Rockcliffe’s Hart Massey home earns designation for ‘national significance’

A Rockcliffe Park home designed by famed architect Hart Massey has been designated a site of national significance in an announcement by Parks Canada.

Minister of Environment and Climate Change Catherine McKenna announced six new designations last week, reflecting the “rich and varied history of our country in areas related to Canadian Confederation, Indigenous history, cinema, education, and architecture.”

Built in 1959, the Hart Massey House is touted as “an iconic example of mid-20th century modernism in residential architecture in Canada, and a Canadian example of International style because of its sensitivity to its natural surroundings,” according to Parks Canada.

The son of former Gov.-Gen. Vincent Massey, Hart Massey was a renowned architect who built the home on Lansdowne Road, one of the few homes overlooking McKay Lake, for himself and his family. The family lived there past Massey’s retirement in 1970.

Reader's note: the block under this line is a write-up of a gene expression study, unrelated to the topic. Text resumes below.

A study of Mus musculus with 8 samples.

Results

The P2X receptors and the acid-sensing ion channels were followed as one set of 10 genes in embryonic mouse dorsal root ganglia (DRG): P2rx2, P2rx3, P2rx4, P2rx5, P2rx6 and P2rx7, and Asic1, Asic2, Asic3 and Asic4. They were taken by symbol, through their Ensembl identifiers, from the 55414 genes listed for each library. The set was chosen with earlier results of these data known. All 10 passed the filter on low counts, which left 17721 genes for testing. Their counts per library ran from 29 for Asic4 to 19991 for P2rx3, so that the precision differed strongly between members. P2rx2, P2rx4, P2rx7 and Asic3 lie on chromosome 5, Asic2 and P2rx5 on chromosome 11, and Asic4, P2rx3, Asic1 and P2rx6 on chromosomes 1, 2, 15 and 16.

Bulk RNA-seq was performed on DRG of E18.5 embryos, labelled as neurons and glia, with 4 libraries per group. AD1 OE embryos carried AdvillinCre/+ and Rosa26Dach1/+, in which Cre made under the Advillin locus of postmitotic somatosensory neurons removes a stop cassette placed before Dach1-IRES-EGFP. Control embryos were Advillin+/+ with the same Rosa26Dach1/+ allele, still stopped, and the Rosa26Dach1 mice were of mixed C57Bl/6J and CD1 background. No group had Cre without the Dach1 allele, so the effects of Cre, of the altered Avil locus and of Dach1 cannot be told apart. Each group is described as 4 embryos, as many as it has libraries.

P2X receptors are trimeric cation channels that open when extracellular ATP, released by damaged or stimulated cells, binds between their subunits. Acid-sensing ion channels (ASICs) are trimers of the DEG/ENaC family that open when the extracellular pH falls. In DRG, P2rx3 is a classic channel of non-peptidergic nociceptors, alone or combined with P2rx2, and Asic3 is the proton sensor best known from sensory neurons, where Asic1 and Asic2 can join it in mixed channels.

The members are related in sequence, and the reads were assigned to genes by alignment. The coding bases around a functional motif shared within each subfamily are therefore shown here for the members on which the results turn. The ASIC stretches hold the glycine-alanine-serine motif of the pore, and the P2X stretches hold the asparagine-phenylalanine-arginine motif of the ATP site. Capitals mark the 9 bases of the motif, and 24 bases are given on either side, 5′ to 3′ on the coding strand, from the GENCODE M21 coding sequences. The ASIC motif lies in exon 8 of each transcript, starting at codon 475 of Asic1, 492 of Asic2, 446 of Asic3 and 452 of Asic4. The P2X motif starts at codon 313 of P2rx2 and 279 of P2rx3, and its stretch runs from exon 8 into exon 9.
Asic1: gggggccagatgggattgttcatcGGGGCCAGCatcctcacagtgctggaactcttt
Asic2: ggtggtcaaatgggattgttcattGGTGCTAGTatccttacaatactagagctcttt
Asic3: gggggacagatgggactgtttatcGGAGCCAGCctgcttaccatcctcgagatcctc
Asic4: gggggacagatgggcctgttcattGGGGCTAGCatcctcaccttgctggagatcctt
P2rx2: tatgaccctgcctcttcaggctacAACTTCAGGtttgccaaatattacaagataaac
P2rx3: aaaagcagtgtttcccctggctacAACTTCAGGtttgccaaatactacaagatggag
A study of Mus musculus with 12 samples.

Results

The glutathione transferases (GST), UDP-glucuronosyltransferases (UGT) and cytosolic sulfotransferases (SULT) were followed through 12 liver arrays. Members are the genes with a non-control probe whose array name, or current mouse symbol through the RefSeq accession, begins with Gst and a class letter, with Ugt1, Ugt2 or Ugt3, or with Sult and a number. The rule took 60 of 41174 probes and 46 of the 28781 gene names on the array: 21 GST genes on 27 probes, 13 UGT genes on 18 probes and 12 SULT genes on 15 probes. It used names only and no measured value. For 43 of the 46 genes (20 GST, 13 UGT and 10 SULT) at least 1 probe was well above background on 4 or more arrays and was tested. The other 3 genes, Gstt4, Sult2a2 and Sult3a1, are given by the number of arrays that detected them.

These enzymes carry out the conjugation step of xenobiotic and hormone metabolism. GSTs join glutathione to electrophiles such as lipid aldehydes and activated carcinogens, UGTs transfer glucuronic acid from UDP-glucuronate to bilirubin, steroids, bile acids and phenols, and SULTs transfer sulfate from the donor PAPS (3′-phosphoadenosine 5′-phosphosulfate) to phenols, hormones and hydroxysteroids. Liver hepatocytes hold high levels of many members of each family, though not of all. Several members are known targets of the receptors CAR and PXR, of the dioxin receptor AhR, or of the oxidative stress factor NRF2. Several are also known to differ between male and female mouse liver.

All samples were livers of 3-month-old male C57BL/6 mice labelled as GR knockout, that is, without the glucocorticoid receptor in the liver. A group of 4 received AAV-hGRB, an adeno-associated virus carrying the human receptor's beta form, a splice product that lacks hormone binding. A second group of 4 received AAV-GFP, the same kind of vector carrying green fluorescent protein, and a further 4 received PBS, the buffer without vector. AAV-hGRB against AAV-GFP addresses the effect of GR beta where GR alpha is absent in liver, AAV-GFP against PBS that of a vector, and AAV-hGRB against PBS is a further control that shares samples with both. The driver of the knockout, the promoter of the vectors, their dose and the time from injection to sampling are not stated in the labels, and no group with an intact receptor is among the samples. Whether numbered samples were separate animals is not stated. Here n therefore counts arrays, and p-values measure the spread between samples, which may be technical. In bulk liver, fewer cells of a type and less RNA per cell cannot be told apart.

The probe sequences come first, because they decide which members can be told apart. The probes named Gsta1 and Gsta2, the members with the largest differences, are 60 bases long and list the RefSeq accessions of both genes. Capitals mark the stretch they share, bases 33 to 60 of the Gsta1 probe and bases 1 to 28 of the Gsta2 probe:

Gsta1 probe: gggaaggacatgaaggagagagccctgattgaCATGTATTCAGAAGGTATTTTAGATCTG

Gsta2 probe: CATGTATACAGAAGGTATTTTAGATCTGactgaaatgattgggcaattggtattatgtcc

The two-storey home is described as a minimalist structure built from a series of modular boxes enclosed by alternating glass and opaque walls.

“Elevated on thin steel columns so it appears to float above its sloped site on McKay Lake, the house was designed to preserve the integrity of its natural environment,” the Parks Canada description reads. “Its architecture is an extension of the landscape, and its dramatic expanses of glass erase the line between indoor and outdoor space.”

The east side of the house faces the lake with floor-to-ceiling windows that offer an unobstructed view of the landscape, which includes a large willow, shrubs, flowers and perennial plants.

The home was purchased from the Massey family in 1977 by Thomas and Susan d’Aquino, who described themselves as “passionate gardeners,” and the property would garner several awards in garden competitions.

In May 2000, the Royal Architectural Institute of Canada recognized the site as having been “significant in shaping our built environment.”

Parks Canada noted subsequent owners have “carefully restored and renovated the house while meticulously respecting its original concept.”

Other buildings designated a site of national significance by Parks Canada include Park House in Amherstburg, Ont., and Truro Old Normal College in Truro, N.S.